Prior to launching Dolci Peccati Gelato, Natalie Yepes worked in Graphics Design and also owned a sandwich shop in Colombia, her native country. While working as a Graphics Designer, she grew tired of her day job. She was on a computer all day and it wasn't something she loved to do. She was ready for a change. She wanted to commit to something she was passionate about. Yepes shared the story behind her entrepreneurial journey and how her love of ice cream took her down a completely unexpected path.
"When I lived in Argentina, pursuing a Masters Degree in Marketing, I learned how to make ice cream," she said. "I love ice cream and the whole process of making it. I remember thinking that one day I would own an ice cream shop. During that time, I also owned a sandwich shop in Colombia. Not long after I moved back to South Florida and started working in Miramar, I wasn't happy anymore doing Graphic Design work. After a year, I decided to quit and went full-time on building an ice cream business."
Dolci Peccati Gelato was born on November 16th, 2010, just one day after Yepes' 26th birthday. She wrote a business plan, took some classes at Gelato University in Greensboro, NC, started experimenting with different flavors, found a "location" and put together a plan to bring her delicious desserts to South Florida and beyond.
"We initially looked at having a shop, but that was going to be a lot of money," she said. "That's when the idea came up to start with a food truck. We had a small kitchen where we made the ice cream, but the food truck would be our primary method for getting our Gelato in the hands of our customers. We started doing events and deliveries to offices and, slowly but surely, the business started to grow."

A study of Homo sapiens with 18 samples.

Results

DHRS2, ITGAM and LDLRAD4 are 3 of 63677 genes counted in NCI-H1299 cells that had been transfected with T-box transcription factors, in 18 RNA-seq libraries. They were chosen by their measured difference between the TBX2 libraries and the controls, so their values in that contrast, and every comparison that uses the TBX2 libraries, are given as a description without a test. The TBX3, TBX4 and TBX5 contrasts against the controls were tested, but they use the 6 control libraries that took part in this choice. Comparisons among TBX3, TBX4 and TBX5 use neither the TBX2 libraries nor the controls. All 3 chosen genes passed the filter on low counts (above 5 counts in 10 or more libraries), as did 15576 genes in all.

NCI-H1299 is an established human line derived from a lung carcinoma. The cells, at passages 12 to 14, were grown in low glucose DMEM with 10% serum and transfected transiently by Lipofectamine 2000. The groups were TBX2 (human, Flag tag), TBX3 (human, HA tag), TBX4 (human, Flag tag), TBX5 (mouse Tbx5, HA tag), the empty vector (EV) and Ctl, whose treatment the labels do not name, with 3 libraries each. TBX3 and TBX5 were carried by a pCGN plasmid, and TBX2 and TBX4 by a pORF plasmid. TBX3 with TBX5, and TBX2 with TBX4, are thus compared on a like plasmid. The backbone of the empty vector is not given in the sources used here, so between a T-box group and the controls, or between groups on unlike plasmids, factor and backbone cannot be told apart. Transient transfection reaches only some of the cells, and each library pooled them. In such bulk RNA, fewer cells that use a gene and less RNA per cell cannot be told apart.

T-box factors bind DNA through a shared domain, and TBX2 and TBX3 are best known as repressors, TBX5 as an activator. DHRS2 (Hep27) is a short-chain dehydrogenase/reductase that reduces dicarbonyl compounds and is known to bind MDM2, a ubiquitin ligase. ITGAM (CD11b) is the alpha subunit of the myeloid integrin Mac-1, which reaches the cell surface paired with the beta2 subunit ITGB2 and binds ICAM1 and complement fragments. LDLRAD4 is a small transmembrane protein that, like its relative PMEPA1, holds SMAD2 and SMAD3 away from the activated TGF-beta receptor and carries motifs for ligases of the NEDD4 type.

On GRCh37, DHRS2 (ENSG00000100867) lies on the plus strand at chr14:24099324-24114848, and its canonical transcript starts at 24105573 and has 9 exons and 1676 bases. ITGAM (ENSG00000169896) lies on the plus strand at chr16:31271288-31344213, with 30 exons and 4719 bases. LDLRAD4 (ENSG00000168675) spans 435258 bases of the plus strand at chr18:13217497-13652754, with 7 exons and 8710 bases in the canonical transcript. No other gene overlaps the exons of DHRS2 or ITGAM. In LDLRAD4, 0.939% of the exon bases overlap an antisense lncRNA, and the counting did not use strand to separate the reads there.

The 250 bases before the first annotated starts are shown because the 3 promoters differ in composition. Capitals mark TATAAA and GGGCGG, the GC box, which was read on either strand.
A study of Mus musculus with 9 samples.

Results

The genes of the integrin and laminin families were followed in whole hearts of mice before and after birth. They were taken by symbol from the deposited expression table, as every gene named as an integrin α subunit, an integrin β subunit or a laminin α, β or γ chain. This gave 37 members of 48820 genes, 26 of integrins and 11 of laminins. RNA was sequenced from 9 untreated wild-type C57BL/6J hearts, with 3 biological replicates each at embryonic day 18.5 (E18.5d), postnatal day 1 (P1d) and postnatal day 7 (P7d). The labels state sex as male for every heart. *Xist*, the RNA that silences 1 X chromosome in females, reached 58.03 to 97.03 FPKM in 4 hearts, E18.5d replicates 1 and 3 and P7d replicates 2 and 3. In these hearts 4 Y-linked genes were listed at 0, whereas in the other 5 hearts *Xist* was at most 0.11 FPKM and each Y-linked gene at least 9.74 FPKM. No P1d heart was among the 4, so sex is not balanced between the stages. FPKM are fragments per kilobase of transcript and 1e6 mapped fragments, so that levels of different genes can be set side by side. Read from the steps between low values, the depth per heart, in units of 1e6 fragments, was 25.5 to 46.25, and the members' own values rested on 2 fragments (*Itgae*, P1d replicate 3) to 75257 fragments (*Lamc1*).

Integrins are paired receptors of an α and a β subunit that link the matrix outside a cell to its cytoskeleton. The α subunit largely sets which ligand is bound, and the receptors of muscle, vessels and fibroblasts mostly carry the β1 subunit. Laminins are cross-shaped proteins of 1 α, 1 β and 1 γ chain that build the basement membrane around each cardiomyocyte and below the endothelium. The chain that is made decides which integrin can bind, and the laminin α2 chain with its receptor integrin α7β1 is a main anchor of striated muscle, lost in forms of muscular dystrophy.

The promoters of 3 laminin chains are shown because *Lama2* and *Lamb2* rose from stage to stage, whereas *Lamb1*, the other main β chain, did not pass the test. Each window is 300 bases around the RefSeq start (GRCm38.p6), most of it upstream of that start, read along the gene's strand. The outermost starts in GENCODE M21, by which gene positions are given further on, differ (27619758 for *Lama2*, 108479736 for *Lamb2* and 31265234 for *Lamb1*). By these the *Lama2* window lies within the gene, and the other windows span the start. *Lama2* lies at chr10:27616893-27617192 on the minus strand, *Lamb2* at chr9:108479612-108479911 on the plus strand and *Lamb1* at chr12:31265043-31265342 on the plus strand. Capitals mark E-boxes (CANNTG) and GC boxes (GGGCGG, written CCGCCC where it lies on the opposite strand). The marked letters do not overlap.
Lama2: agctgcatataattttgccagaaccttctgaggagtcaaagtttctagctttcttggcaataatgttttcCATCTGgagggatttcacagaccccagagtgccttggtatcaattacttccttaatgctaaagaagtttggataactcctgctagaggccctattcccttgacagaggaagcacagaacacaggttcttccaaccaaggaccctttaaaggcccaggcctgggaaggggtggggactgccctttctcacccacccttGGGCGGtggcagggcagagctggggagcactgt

Yepes shared that when she first launched the business, Dolci Peccati Gelato was the only dessert food truck in South Florida. She was invited to every event where she experienced little to no competition. Business was booming. As Yepes put it, "Those were the golden years." Her challenges came after more dessert trucks came on the scene and the fascination with food trucks began to subside.
"I had to get creative," she said. "That's when I looked at wholesale. If I could work with caterers and restaurants, I could sell more Gelato without having to compete with other food trucks and I wouldn't need a storefront. I never did much advertising, but through word-of-mouth and by delivering a quality product, more people learned about us and business picked back up again."
Since moving into the wholesale market, Yepes continues to add new and unique flavors of Gelato. They even have sorbet, Vegan Gelato made from coconut milk, Gelato sandwiches and popsicles. The food truck is still used for special events and a push cart was added for use at small parties and gatherings.
Yepes shared what she enjoys most about her business. "It's a very dynamic business," she said. "The days are never the same. I'm not sitting on a computer all day. I'm always on the go and meeting new people. Plus, we get to brighten people's days with our products. It's a lot of fun."
Looking ahead, Yepes is excited about the opening of her first retail shop. She's even open to the possibility of having multiple locations. In the mean time, she'll remain focused on maintaining a tradition of producing delicious Gelato made from quality ingredients. After five years, she'll consider an exit and the possibility of starting a new project.
What advice does Yepes have for aspiring entrepreneurs? "If you have an idea, make sure it's something you can scale," she said. "Also, make sure you actually enjoy it. There will be times where you want to close the door and declare bankruptcy, but don't give up. Business takes time. If you do decided to start a business, be the best at what you do. Know all you can about your industry and produce the best possible product. Lastly, don't wait. Start as soon as possible."